In addition to learning about the TOEFL test, it’s important to work on your English abilities. A little bit of practice each day goes a long way towards improving your scores. 🙂 The great thing about working on your English skills is that it can be incredibly fun, and the work you do here can help you out for the rest of your life. Below I’ve pulled together a list of ways to improve your English, with links to helpful resources from around the web. If you have any recommendations, sites, or apps that you’ve found particularly helpful, let me know in the comments below!
1. Watch movies or TV shows.
I’m sure you’ve heard this advice before, but are you actually doing it? I know it’s much easier to relax and watch movies in your native language, but this is truly a helpful exercise. Here are some tips to make the most of your movie-watching experience.
2. Practice with friends.
As a student of French, I am most motivated by the desire to actually, truly communicate with people in French (side note: that feeling you get when you actually, truly do NOT understand a single word the other person is saying? — yeah, that’s pretty motivating, too). The only way to practice with friends is, well, to find friends who are also studying English. Meetup.com is a great place to find people with similar interests in your city.
This is an awesome app that covers a ton of different aspects of language learning – conversation, grammar, vocabulary, etc. It’s also free AND you can use it offline. Make use of that morning commute, people!
4. Listen to the news in English.
You’re probably already reading the news in your native language, so why not get English practice AND learn about current events by listening to the news in English? Here’s a great free site to listen to the world news.
5. Watch YouTube clips.
Go to YouTube.com (the “.com” part is very important!) and choose to view YouTube in English. Now, go ahead and watch anything that catches your eye — the more interested you are, the more attentive you’ll be, and the more you’ll learn! The videos you choose definitely don’t have to be specifically geared towards English language learning. Some video topics to explore: travel, music, how-to’s, popular culture.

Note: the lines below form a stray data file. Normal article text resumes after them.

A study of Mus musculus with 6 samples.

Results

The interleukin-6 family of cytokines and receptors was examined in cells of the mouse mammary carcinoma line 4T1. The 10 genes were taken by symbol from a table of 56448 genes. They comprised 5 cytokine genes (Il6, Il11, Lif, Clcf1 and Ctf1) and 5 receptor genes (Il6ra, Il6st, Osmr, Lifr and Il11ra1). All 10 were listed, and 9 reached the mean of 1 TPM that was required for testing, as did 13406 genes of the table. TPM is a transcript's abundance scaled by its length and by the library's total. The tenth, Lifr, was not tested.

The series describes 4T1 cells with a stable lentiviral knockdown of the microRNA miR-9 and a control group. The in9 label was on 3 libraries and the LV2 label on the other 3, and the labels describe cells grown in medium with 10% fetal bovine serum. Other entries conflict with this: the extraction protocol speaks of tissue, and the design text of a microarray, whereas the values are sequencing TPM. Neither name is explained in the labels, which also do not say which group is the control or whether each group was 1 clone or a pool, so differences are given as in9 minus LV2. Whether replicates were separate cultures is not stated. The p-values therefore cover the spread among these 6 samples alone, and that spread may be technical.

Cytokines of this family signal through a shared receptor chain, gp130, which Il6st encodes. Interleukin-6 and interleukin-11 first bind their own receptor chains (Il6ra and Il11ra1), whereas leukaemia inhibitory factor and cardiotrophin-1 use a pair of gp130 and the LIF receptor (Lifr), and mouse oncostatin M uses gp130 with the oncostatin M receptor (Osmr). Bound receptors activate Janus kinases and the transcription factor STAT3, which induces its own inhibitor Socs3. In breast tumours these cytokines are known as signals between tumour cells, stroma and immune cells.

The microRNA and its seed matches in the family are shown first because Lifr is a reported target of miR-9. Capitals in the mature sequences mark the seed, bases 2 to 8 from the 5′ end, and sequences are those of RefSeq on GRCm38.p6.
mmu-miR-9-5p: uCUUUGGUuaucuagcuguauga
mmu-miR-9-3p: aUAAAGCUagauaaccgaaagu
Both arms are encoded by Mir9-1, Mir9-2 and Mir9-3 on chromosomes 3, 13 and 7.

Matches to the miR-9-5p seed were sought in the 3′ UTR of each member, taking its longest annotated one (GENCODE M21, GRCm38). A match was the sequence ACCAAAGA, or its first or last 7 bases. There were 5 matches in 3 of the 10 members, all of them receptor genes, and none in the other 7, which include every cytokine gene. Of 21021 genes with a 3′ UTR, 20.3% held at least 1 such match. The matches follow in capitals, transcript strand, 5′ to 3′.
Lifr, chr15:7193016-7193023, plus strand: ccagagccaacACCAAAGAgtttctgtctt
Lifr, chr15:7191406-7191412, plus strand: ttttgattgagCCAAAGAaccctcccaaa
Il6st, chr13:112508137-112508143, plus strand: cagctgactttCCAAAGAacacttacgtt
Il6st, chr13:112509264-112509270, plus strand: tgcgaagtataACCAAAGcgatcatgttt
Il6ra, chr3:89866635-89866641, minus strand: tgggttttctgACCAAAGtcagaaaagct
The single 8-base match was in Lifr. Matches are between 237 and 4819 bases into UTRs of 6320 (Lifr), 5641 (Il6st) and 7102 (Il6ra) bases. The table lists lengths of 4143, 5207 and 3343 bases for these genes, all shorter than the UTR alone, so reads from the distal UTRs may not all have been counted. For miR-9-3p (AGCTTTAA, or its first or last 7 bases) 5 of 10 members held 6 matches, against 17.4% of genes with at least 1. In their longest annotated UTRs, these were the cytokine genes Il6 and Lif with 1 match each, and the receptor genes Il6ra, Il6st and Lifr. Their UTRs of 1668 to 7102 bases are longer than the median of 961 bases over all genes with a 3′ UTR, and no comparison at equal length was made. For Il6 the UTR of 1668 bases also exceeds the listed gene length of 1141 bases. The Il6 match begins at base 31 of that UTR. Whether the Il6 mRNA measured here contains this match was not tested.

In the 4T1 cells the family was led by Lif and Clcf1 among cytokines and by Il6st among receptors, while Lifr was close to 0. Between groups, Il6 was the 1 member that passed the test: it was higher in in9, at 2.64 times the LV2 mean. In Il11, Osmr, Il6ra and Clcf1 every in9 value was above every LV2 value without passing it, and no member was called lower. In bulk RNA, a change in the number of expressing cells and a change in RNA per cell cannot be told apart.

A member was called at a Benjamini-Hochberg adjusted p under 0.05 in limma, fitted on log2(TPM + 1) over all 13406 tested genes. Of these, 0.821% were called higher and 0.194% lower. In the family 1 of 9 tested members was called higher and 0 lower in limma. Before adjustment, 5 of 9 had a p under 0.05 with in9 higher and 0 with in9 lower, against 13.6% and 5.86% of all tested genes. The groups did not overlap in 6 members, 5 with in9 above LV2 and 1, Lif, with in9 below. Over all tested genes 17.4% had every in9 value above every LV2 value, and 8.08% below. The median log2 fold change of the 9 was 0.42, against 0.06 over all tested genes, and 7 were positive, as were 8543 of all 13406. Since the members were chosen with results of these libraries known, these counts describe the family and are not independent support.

6. Read novels, blogs, and magazines in English.
OK so, this isn’t the most enlightening tip in this post, but it is incredibly important. Reading novels in English is great for practice, but I know sometimes you don’t want to spend your free time slogging through the classics. That’s where blogs and magazines come in! Interested in fashion? Vogue and Elle both have in-depth articles on topics ranging from American popular culture, to fashion, to opinion pieces. If travel is more your thing, National Geographic Traveler is a great place to start. Pro-tip: foreign magazines can be pricey, but who says you’re not allowed to go to your local bookstore, find a quiet corner to read in, and browse these magazines for free!
7. Get a pocket dictionary (or an app).
Throughout your day, you might suddenly feel inspired to learn the definition of a word. Be prepared for those moments! Merriam Webster has a good, free app.
8. Sign up for word of the day emails.
New words, every day, in your inbox. What could be easier? These words will likely be pretty obscure, but they’ll still help you learn advanced vocabulary and help to keep you engaged with the English language. Here’s a good option from dictionary.com.
9. Use Facebook wisely.
You probably check your newsfeed everyday anyways, so put that time to good use. Like and follow pages that teach you something, like this one about English vocabulary, or this one about English language learning.
10. Become an Anglophile.
What is an Anglophile, you ask? An Anglophile is someone who really likes English customs, culture, etc. One way to get excited about learning English is to get excited about American/British cultures. Look up travel destinations in English speaking countries, American and British celebrities, movies, music, etc. Anything to help you get fired up about your own English studies.
Rachel helps eager students find out about Magoosh. She graduated from UC Berkeley with a super helpful double major in History and French. In her free time she can be found eating peanut butter, drinking five cups of tea per day, and playing with cats.
The idea is to watch the small movie segments by the specified timings and work with the activities.
This is a pretty amazing resource, and very relevant to tip #1 in this blog post. 🙂 I think you site could fit in well alongside this blog’s list of websites for learning English with movies.
In addition to your comment and link, I’d like to add that students can learn English from many different specific types of movies and TV shows. Lucas has done a good TOEFL Tuesday video on practicing TOEFL Listening with documentaries. And movie one-liners are a great way to improve English listening speed. In terms of TV shows, Magoosh offers advice on how to practice for the TOEFL with late night TV talk shows and how to learn English with medical dramas.